Vulcan Thought for the day

OK, so I'm a Trekkie, so sue me! I love the iconic extremes that Trek has given us with the Vulcan and Klingon stereotypes to mention only two


Vulcan's are not unaware of the disdain with which most species look upon our desire to master our emotions but to us it is simple: to master the mind is to master reality.

You who are reading these words right now, how do you experience reality? Through your senses, of course. Some species have more highly attuned senses than others, for example a wolf has an acute sense of smell and a dolphin can hear sounds in different frequencies just as some animals can see into the infrared or ultraviolet. However all of these senses render your reality and its amazing array of colours, scents and harmonies, that can range from the repulsive to the sublime, into simple binary code signals flashed along nerves to the physical brain that sits, in all humanoid species, atop your spinal column.

What is the objective difference between the nerve impulses that signify beauty and those that tell us the opposite? Are they positive and negative? Is it a matter of degree, frequency or other biochemical parameter? It is none of these. The difference is in the interpretation that your mind puts to the signals.

To put it in the words of one of your Earth homilies, "Beauty is in the eye of the beholder."

Vulcans are not immune to the aesthetics that define beauty, justice and love. In fact it is because we understand these abstract values far better than you who wallow in them, that we control them so rigorously.

You say that we are the poorer because we do not 'experience' the extremes of reality yet it is precisely because we do know the depths and heights of despair and euphoria that we severely limit them. Vulcan history is a garish panorama of the very best that we can be and the very worst and whilst, on the one extreme, our art and culture is so good as to be almost painful in it's appreciation, on the other extreme the horrors of the terror and depravity that we reached is such as to be almost unbearable.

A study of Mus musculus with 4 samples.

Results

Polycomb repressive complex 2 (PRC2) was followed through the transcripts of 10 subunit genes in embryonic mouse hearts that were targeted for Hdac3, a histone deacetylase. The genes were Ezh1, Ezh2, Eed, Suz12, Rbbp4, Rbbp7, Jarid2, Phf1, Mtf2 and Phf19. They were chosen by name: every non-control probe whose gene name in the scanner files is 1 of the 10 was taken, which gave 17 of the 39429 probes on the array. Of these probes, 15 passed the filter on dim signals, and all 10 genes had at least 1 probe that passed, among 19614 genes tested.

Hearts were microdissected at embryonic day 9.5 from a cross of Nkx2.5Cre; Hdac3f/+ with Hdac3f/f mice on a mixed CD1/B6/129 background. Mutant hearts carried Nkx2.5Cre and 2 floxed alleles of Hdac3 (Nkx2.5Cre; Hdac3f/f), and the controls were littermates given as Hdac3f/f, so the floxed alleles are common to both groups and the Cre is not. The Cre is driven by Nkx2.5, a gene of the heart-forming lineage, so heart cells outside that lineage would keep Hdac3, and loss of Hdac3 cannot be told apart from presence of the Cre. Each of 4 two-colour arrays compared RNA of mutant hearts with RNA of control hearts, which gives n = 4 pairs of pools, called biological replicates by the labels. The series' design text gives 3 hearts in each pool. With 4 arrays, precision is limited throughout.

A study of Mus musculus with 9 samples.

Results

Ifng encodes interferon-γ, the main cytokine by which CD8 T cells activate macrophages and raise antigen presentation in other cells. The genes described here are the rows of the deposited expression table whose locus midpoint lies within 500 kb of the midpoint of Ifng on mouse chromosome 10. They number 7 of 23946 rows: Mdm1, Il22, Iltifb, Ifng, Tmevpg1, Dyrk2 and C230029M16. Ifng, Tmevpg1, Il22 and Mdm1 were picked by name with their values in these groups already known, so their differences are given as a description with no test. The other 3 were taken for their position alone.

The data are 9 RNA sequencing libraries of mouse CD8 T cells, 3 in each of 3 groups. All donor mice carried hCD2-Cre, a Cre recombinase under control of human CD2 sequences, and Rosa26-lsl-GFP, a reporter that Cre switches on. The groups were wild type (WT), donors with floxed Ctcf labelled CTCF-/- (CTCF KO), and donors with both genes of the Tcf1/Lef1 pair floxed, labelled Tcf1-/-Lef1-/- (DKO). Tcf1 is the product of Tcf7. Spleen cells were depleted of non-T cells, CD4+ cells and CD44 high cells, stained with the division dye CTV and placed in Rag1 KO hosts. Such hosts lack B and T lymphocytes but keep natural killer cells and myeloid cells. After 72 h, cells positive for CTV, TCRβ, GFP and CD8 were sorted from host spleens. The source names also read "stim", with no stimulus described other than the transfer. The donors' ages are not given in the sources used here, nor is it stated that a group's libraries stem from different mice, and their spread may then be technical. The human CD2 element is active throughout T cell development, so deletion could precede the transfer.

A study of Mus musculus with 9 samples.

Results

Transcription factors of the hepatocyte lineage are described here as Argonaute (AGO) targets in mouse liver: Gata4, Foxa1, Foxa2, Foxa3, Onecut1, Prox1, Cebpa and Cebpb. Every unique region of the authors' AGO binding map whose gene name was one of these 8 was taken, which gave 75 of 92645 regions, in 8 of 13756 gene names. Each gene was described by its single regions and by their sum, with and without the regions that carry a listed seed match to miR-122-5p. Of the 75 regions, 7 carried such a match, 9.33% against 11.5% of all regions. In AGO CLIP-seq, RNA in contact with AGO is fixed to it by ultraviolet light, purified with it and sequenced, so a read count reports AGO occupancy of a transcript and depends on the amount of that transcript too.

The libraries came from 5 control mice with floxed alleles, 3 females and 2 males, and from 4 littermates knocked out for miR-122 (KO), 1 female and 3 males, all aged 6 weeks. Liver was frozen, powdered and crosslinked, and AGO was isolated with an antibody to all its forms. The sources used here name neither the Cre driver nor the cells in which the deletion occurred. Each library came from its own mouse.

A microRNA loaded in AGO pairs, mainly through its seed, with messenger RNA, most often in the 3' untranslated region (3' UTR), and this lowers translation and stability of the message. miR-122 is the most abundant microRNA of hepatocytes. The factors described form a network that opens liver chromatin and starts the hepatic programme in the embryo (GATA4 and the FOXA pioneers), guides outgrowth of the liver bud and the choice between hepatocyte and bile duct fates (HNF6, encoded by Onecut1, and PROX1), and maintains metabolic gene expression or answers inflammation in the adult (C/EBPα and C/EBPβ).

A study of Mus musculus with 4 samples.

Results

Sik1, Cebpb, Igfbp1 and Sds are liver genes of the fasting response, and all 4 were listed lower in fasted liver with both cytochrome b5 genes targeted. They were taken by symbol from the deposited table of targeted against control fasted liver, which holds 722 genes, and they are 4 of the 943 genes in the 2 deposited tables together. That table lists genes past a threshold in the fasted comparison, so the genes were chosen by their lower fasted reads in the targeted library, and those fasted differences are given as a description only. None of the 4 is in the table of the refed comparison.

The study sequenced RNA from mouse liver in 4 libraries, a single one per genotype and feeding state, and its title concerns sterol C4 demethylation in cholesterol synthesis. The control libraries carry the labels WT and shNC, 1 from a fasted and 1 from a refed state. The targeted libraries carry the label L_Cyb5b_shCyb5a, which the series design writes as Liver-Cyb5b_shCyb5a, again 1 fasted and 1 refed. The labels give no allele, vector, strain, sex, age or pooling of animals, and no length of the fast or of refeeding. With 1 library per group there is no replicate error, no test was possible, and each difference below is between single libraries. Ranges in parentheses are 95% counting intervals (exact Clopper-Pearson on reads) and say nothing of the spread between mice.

What you, who say that you experience reality, do not realise is that you make your own reality. A man and woman might look on the same child and experience polar opposite emotions, the one seeing the beauty of procreation, the other seeing evidence of their mortality. Who is right and who is wrong? Neither? Both! Two men with identical jobs can see it as an over-burdening responsibility and a challenging opportunity. Which is it? The importance of the question lies in the way that they react to their perception of reality. Because of his positive attitude, one man might do his job far better than the other. For love, a mother might run into a burning building giving her life in the hope of saving her child.

The Vulcan Academy of Science theorises that it is because of our innate telepathic abilities that, historically, we Vulcans have been vulnerable to the extremes of emotions and must be ever on our guard against both extremes which is why we must react to them objectively and logically.

For humans it is different. Your society is based on choice, the idea that for each situation that you face, you can choose how you react to it. You can choose to be positive or negative. Ultimately, you can choose to be good or evil.

But ask yourself this when you need to make such a choice next, what am I basing this on? Is my perception of the facts objective and thus statistically most likely to be correct? Is it tinged by fatigue or despair?

Or can I manipulate my reality and work onwards with an optimistic view of the data? Humans can use their minds to control their bodies just as we Vulcans do – it is called psychoneuroimmunology. Two people can be given the same course of medication, one told that it has a 70% chance of success the other that it has a 30% chance of failure. It is statistically proven that the former will have a greater success rate than the latter.

Sometimes all that is needed to tip the scales in favour of a desired outcome is that we are actively working, consciously and subconsciously, towards success rather then resigned to failure.

To quote one of your 20th century icons, "There are always alternatives."